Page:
Shares in the Seattle-based company fell 3.6 per cent in extended trading after the company said like-for-like sales, a key industry metric, rose 3 per cent in the second quarter, shy of analysts estimates of a 3.6 per cent rise.
Meanwhile, net revenues rose 6 per cent to a record $5.3bn, but missed Wall Street estimates of $5.4bn
Starbucks said profits rose to $652.8m or 45 cents a share, compared with $575.1m or 39 cents a share in the year ago period. Adjusting for one-time items, the company reported earnings of 45 cents a share in line with estimates.
Starbucks’ shares took a hit last year as the company struggled to maintain sales momentum and after its long-time chief executive Howard Schultz announced that he would he stepping down and just retaining his titles as executive chairman.
In an effort to boost sales overseas, the company partnered with Weixin in China earlier this year to launch a new social gifting feature in February that enables customers to gift a Starbucks beverage or digital card — in keeping with the local gift giving culture.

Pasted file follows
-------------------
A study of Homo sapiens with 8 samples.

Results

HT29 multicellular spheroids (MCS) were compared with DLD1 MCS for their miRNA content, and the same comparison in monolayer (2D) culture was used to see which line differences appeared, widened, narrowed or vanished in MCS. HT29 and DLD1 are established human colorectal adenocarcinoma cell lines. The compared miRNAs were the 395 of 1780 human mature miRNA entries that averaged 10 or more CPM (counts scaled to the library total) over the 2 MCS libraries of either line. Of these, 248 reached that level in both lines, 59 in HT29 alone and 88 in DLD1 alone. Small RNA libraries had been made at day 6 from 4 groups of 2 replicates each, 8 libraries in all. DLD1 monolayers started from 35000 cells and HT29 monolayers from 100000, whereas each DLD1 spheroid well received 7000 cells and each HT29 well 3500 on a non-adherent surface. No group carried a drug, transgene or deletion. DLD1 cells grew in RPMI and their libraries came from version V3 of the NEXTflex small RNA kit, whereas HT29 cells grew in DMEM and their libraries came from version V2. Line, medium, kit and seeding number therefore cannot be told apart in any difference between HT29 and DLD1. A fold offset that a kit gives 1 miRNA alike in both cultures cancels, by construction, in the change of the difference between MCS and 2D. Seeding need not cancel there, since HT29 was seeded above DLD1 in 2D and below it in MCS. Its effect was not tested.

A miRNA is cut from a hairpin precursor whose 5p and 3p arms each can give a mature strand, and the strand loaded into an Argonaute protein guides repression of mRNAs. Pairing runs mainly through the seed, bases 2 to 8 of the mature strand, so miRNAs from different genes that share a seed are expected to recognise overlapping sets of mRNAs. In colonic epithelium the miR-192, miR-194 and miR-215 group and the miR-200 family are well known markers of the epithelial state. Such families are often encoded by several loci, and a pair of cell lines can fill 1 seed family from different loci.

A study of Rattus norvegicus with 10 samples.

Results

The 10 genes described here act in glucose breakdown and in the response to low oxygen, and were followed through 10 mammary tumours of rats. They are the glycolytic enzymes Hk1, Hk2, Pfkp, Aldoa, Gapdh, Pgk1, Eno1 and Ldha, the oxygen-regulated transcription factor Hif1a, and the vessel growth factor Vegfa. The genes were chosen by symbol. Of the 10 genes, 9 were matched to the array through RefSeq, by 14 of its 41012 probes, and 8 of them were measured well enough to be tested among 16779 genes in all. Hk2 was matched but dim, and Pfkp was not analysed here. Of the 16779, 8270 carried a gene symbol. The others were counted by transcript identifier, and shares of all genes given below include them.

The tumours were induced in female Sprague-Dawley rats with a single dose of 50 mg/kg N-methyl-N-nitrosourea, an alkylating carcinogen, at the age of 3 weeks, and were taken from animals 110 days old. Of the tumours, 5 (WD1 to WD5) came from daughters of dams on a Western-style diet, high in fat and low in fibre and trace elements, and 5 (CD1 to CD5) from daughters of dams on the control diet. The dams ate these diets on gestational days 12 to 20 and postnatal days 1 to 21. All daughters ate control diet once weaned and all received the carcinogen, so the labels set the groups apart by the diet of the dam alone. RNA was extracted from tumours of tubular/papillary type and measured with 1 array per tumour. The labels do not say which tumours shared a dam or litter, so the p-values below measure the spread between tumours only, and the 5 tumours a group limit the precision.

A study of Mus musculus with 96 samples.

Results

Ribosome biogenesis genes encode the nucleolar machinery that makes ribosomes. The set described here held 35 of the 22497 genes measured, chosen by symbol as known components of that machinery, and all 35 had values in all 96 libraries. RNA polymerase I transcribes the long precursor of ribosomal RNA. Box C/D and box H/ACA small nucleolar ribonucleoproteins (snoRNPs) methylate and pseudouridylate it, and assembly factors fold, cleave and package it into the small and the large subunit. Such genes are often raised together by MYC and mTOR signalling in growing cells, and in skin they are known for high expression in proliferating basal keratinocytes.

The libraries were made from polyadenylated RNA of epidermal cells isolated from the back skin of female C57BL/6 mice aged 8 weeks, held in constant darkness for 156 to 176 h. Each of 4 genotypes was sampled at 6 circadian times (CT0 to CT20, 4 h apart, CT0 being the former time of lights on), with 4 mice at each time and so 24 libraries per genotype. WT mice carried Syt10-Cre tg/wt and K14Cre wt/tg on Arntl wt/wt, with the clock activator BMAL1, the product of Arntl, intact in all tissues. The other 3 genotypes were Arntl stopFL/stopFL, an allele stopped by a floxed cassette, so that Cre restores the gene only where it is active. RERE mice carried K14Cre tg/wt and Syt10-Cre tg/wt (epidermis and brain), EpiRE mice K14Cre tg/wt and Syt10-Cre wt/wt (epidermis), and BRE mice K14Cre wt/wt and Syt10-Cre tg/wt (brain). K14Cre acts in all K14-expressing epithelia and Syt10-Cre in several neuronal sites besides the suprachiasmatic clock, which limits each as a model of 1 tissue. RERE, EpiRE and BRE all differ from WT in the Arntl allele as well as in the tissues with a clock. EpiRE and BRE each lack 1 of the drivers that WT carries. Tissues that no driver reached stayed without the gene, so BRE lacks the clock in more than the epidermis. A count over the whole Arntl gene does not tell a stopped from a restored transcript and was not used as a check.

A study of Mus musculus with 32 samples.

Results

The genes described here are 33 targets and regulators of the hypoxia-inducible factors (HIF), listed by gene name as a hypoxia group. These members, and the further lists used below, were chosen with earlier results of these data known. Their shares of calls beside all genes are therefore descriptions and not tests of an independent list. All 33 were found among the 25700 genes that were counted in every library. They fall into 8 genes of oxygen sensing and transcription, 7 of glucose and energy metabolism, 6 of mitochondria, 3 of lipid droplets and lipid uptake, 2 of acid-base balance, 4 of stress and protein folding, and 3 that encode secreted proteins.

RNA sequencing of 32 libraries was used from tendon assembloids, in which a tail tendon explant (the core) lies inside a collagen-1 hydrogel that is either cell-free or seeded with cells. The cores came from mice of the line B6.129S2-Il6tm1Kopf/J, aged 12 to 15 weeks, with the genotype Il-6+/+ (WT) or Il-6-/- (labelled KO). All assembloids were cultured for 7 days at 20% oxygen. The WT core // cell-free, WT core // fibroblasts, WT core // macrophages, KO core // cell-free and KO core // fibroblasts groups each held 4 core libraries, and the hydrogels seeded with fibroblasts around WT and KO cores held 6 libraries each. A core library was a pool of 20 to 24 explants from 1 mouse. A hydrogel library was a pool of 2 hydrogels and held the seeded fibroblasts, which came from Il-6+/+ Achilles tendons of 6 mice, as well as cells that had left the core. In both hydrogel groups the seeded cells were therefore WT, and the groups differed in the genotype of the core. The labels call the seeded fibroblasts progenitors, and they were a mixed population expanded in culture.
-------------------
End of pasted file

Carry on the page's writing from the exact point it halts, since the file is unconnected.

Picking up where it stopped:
And industry tracker NPD projects that US restaurant industry traffic is likely to remain stalled this year much like 2016. In the domestic market, Starbucks has been turning to its membership programme to help shore up sales.
Indeed, the latest quarterly results show that active US membership in Starbucks Rewards rose 11 per cent from a year ago to 13.3m members and the programme accounted for 36 per cent of US company-operated sales.
But the coffee-chain continues to face stiff competition from Dunkin Donuts and McDonald’s at the low end and premium coffee-roasters like La Colombe, Stumptown and Blue Bottle.
Starbucks was also upbraided by some customers in January after its Mr Schultz pledged to hire 10,000 refugees around the world over five years after US president Donald Trump signed an executive order imposing a travel ban on predominantly Muslim countries.